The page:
Inside NRL’s Laboratory for Autonomous Systems Research

Alan Schultz is the first Director of NRL's new Laboratory for Autonomous Systems Research. (Photo: U.S. Naval Research Laboratory)

This Friday, the Naval Research Laboratory (NRL) will open a new facility — the Laboratory for Autonomous Systems Research (LASR), at its main site located in Washington, D.C.

LASR will provide specialized facilities to support highly innovative, multidisciplinary research in autonomous systems, including intelligent autonomy, sensor systems, power and energy systems, human-system interaction, networking and communications, and platforms. The objective of the Laboratory is to enable Navy and Department of Defense scientific leadership in this complex, emerging area and to identify opportunities for advances in future defense technology.

In advance of the opening, SPECTRA magazine got the inside scoop from Alan Schultz, Director, Autonomous Systems Research at NRL.

1. Tell us about the capabilities of the Laboratory for Autonomous Systems Research?

The new facility has a number of high bay environments and laboratories with many unique features to support research in autonomous systems.

The Prototyping High Bay is 150′ x 75′ x 30′ high. This space can be used for small autonomous air vehicles, autonomous ground vehicles, and of course the people who will interact with them. The most unique feature of this space is a motion capture system, which will allow us to track up to 50 objects, and gather high accuracy ground truth data of all positions of these tracked objects at 120Hz. Our tracking system currently has the largest capture volume in existence. In addition, we have high-speed cameras on motorized pan/tilt heads which can be automatically cued by the motion capture system, allowing us to record video of specific targets.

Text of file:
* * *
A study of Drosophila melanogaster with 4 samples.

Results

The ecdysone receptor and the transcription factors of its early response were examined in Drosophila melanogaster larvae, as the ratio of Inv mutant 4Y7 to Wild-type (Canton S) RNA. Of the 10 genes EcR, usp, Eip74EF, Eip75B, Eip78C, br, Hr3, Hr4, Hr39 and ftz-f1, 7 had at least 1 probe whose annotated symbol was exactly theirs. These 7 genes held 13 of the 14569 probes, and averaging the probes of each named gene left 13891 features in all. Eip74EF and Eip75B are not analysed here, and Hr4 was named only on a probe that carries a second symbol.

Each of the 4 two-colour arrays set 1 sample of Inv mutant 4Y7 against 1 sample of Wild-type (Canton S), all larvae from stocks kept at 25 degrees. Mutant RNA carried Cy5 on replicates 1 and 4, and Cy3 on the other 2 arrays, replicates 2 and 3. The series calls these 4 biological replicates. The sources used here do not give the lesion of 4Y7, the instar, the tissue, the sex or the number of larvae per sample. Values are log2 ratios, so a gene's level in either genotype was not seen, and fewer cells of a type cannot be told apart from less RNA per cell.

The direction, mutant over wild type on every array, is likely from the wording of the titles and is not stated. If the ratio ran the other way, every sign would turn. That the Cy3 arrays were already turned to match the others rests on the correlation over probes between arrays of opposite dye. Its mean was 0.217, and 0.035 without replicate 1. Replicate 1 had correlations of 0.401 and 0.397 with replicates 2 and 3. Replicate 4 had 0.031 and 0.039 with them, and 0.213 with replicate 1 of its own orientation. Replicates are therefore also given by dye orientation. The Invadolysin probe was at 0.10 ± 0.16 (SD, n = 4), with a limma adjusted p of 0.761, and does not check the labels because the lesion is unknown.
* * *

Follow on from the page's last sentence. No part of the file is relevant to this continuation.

Exterior view of the Laboratory for Autonomous Systems Research, located at the Naval Research Laboratory, Washington, D.C. (Photo: U.S. Naval Research Laboratory)

The Littoral High Bay features a 45′ x 25′ x 5.5′ deep pool. This pool will have a 16-channel wave generator, allowing us to create directional waves. In addition, the far side of the pool will contain a structure allowing us to put a slope on that end of the pool. We will have materials such as sand, dirt and gravel that can then be put into the pool, allowing us to create surf-like conditions. The wave generator and slope mechanism can be removed with our overhead crane for those who need a constant depth and the full length of the pool. The Littoral High Bay will also have a variety of sediment tanks for testing sensors and energy harvesting devices.

The Desert High Bay contains a 40′ by 14′ area of sand 2-foot deep, and contains 18-foot high rock walls that allow testing of robots and sensors in a desert-like environment. We can introduce blowing sand, and can control the lighting in that environment.

The Tropical High Bay is a 60′ by 40′ greenhouse that contains a re-creation of a southeast Asian rain forest, with temperatures that average 80 degrees and 80 percent humidity year round. Rain events of up to 6 inches per hour can be generated, allowing us to test autonomous systems, sensors and communications in these harsh environments.

We have specialized laboratories for human-systems interaction, sensors, and power and energy. The four human-systems interaction labs overlook the Prototyping High Bay and can be used, as described earlier, as control rooms for human-subject experiments, or for development of autonomy software.

Who will work in LASR?

What types of research will be done in LASR?

How are NRL researchers uniquely positioned to take full advantage of a laboratory like LASR?

What do you see being accomplished using LASR?

Read the full interview for all the details!

 

This entry was posted in Physical Sciences, STEM, Technology and tagged , , , , , , . Bookmark the permalink.